Letter from Arthur John Hubbard to a reader (no date)

This letter was attached to a copy of Neolithic Dew-ponds and Cattle-ways inscribed “Philip Hamond from K.P. Hardcastle Xmas 1908”. Presumably the letter was written to Hamond. From a family history website one can work out that he must have been the future Major Philip Hamond; the book was given by his mother’s sister Kathleen.

Page 1 of letter from A.J. Hubbard

Dear Sir,

I thank you particularly for your kind & very interesting letter about the Camp near Uffington in Berkshire   I am sorry to say I do not know that camp, nor the White Horse there, at all.  From what you tell me, I think that there can be no doubt about the neolithic origin of the work, though very likely the Romans availed themselves of it subsequently. The really Roman entrenchments are nearly always, as regards the groundplans, a parallelogram.  The neolithic works are invariably in curves.  The contrast is well seen near Meon Hill in the Cotswolds.  The neolithic is in curves on the top of the hill, the Roman work is a parallelogram in the flat country at the base of the Hill etc. etc.

If ever I have the chance, I shall certainly go to the works you describe, & I shall keep your letter by me and write to you again if I do so.  But it not possible to see all the works of neolithic man in this country.  Indeed to the accustomed eye, it is {2} scarcely possible to get out of sight of them in the south of England, unrecognized wolf platforms, cattleways etc. are everywhere.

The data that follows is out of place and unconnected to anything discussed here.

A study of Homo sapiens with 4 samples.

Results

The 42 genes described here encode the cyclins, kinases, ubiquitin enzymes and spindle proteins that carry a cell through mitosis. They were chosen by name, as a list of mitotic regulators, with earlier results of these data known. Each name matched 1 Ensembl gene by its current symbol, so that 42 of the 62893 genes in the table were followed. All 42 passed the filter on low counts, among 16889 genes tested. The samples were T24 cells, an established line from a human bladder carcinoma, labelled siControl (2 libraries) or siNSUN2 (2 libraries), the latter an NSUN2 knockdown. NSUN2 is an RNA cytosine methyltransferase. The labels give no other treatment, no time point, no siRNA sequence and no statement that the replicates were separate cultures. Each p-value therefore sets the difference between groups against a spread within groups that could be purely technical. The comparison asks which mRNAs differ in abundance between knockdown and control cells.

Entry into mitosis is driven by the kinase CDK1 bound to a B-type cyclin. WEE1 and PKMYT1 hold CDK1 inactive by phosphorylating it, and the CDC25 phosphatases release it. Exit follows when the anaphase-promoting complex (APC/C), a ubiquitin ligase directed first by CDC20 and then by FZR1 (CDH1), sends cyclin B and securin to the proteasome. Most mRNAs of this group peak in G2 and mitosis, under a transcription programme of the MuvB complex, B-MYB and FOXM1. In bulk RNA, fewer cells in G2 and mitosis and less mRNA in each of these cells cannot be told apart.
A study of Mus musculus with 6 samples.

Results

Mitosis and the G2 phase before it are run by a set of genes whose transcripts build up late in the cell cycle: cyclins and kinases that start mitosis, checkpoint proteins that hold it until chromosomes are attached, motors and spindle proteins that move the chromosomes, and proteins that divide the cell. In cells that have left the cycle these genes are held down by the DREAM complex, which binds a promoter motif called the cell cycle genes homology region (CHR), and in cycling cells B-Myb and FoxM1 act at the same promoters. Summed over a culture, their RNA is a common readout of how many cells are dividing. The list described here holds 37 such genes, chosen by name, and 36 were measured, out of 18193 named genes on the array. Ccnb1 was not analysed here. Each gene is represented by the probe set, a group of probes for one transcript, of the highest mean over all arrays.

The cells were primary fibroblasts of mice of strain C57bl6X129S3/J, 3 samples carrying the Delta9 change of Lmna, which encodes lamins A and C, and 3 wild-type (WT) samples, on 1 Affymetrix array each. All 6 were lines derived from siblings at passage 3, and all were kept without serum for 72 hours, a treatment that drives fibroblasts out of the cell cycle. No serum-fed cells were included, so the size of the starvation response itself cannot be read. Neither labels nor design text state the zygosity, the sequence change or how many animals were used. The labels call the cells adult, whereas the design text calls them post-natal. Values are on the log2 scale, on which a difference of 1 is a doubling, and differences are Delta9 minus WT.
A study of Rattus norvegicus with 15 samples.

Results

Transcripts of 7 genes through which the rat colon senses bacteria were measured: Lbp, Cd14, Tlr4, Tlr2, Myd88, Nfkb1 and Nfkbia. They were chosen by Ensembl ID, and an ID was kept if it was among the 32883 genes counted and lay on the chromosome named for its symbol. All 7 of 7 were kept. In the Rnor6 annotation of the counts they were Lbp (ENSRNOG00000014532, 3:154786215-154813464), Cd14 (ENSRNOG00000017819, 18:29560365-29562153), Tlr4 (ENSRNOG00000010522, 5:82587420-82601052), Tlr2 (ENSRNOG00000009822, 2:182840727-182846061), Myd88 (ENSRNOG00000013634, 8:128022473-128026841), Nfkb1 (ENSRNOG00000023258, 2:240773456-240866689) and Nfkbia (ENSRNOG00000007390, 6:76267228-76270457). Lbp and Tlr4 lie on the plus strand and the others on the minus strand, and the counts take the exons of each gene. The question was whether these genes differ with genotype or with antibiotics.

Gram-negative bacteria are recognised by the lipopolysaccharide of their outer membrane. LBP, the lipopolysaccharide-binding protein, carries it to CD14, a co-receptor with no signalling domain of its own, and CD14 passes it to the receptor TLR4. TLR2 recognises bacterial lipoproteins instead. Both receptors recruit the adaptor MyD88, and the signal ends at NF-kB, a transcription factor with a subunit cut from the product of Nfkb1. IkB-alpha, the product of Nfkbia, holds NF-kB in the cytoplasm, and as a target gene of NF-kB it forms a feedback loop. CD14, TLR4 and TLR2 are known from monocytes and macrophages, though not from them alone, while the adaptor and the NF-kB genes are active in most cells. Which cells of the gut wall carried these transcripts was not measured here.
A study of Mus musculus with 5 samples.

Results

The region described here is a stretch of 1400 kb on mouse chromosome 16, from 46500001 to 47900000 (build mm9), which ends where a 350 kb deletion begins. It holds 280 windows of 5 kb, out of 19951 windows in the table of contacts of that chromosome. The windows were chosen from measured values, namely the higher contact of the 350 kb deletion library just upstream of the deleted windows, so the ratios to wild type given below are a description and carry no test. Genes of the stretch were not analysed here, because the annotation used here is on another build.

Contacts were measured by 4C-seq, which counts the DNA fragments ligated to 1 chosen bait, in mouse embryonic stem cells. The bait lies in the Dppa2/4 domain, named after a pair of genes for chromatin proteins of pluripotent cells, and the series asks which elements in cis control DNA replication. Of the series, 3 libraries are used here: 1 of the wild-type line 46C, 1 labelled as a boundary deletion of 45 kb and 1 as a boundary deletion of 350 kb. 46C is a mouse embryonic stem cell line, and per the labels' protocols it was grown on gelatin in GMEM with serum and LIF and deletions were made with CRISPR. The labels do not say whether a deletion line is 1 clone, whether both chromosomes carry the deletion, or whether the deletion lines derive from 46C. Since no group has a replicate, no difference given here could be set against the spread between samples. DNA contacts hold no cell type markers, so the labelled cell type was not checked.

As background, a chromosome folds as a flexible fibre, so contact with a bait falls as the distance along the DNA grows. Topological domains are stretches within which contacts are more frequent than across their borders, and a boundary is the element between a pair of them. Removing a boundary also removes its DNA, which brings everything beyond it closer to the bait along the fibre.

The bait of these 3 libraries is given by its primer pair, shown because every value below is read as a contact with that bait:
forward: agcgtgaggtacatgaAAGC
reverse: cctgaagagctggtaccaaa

Perhaps one ought not to mention the south of England for their presence is world wide, except where the wolf had it all his own way, as in the Great North German plain.  As one goes in the train from Calais to Paris, on the other hand, one is practically never out of sight of the work of neolithic man.  Perhaps the most striking examples of it that I have seen are in South Eastern Europe.  My brother & I are very glad that you found our little book interesting.  The subject is certainly most fascinating & mysterious.  Renewing my thanks to you for having written.  Believe me to be yours faithfully

Arthur John Hubbard.

If you would like to see hitherto unidentified neolithic cities go to the Cotswold Hills, under Bredon Hill for instance the remains of their dwellings are continuous over an area which even now is not less than 3 miles by ¾ miles.  In their dwellings there you can find broken up neolithic pottery in profusion, and the antler of the red deer every now & then.